You see it across life’s spectrum, from family to business.
Broken systems that, year in and year out, continue to operate the same way simply because, well, that’s the way it always has been.
The Gloucester girls soccer team lived through such dysfunction twice over the past week, seeing both sides of the spectrum when their two Division 2 North tournament games ended the same way. Each evenly-matched game was decided by penalty kicks.
The Fishermen saw the jubilation that can come with a stressful penalty kick victory when they beat Melrose, 3-1, in PKs in the preliminary rounds.
They saw the other side of the coin in the following round, when their upset bid against No. 2 seed Hamilton-Wenham was cut short, along with their season, by a penalty kick loss.
After beating Melrose, Gloucester coach Alex White described penalty kicks as “the worst” and “a crapshoot.”
That’s after a win.
White is right, though. Simply put, it’s just a stupid way to decide a game.
Soccer is the ultimate team sport, a game often decided as much by the role players that don’t get much credit than a team’s stars.
So let’s give two teams 80 regulation minutes and two 10-minute overtime periods to settle a game naturally.
And after that, forget it. Let’s line up five individual players from each side to let it rip on an eight-by-24 foot goal from 12 yards away, and whichever team’s lucky enough to not ring one off the woodwork wins.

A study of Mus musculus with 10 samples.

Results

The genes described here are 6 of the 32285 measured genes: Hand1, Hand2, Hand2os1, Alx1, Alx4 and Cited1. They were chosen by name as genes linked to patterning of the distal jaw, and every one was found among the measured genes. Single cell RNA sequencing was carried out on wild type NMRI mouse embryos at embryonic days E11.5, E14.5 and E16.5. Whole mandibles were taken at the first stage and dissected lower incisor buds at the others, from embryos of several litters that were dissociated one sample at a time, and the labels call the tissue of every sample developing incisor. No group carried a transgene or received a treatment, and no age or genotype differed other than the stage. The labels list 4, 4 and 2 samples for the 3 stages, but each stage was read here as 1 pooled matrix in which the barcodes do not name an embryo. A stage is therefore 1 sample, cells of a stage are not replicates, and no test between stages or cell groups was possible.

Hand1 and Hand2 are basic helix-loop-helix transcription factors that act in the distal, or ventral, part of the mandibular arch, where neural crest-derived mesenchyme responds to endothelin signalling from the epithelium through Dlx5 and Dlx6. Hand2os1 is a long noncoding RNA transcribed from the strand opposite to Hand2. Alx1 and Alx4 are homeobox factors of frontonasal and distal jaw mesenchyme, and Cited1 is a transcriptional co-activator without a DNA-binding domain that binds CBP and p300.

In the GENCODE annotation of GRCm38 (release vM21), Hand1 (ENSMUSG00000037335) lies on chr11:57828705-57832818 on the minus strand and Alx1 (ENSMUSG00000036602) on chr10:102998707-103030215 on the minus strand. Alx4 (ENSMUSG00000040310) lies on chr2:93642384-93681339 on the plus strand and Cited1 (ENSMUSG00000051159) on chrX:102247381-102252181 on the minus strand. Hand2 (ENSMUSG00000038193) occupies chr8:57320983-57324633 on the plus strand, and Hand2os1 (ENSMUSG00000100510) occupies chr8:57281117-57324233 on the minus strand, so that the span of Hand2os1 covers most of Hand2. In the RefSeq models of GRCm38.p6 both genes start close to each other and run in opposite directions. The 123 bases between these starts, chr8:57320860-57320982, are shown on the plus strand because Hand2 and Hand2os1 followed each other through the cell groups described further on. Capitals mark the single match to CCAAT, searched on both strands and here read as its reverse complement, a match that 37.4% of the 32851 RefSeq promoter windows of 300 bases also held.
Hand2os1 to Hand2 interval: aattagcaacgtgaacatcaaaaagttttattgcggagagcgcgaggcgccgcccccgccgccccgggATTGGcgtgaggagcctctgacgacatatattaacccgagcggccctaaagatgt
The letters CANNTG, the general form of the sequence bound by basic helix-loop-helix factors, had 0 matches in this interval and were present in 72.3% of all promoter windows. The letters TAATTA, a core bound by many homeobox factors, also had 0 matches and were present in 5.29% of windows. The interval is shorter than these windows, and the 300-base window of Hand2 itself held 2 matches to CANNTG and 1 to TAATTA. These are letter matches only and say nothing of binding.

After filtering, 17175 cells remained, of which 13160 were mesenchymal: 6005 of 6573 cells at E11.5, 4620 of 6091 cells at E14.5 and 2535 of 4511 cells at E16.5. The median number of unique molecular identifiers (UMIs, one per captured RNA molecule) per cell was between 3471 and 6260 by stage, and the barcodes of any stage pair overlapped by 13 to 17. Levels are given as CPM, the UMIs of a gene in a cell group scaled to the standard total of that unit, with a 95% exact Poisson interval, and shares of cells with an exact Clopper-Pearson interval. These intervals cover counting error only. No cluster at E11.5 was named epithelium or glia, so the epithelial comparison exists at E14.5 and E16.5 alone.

The other team? Well, that’s soccer. Good game. Good season. In some cases, good career.
Imagine Game 7 of the American League Championship Series, knotted at 2-2 through 12 innings, ultimately being decided by a 3-on-3 home run derby for the pennant.
Or how about a Final Four game that, after two overtimes, was decided by the world’s most intense game of “knockout.”
Listen, I get it. I understand that soccer games, more often than any other sport, end up falling into endless, conservative, defensive battles, so there has to be a way to eventually settle a tie game.
But to do it with penalty kicks is ridiculous.
So how about this?
Why not replace penalty kicks with set pieces? A corner kick or a ball placed 40 yards from the goal. Doesn’t matter.
Give the offensive team a two-player advantage, and once the ball goes in the net, out of bounds or the defensive team gains possession, that attempt is over.
Just like penalty kicks, have the teams alternate attempts, and each squad gets five tries at it. If that’s not enough to decide it, keep going with winner-take-all rounds until we have ourselves a winner.
Now, who knows if this kind of idea would ever work. It likely has similar flaws to those of the current system.
But at least it doesn’t rob the game of its nature. Soccer teams succeed as a unit, not as a bunch of individuals.
So why continue to place a team’s fate on the shoulders of six players. It’s ridiculous to end a game with something so arbitrary.
Will it ever happen? Absolutely not. It’s an iconic part of the sport.
Think about the U.S. women’s soccer team’s penalty kick victory over China for the 1999 World Cup title (Brandi Chastain ripping her shirt off as she celebrated the game-winner may ring a bell).
The 2006 men’s World Cup was decided by penalty kicks. So was the women’s in 2011.
So have countless other games, from amateur ranks to professional levels.
But just because it’s always been that way doesn’t make it right. And as the Gloucester girls soccer team saw, it’s no way to win a game, and it’s certainly no way to see your season end.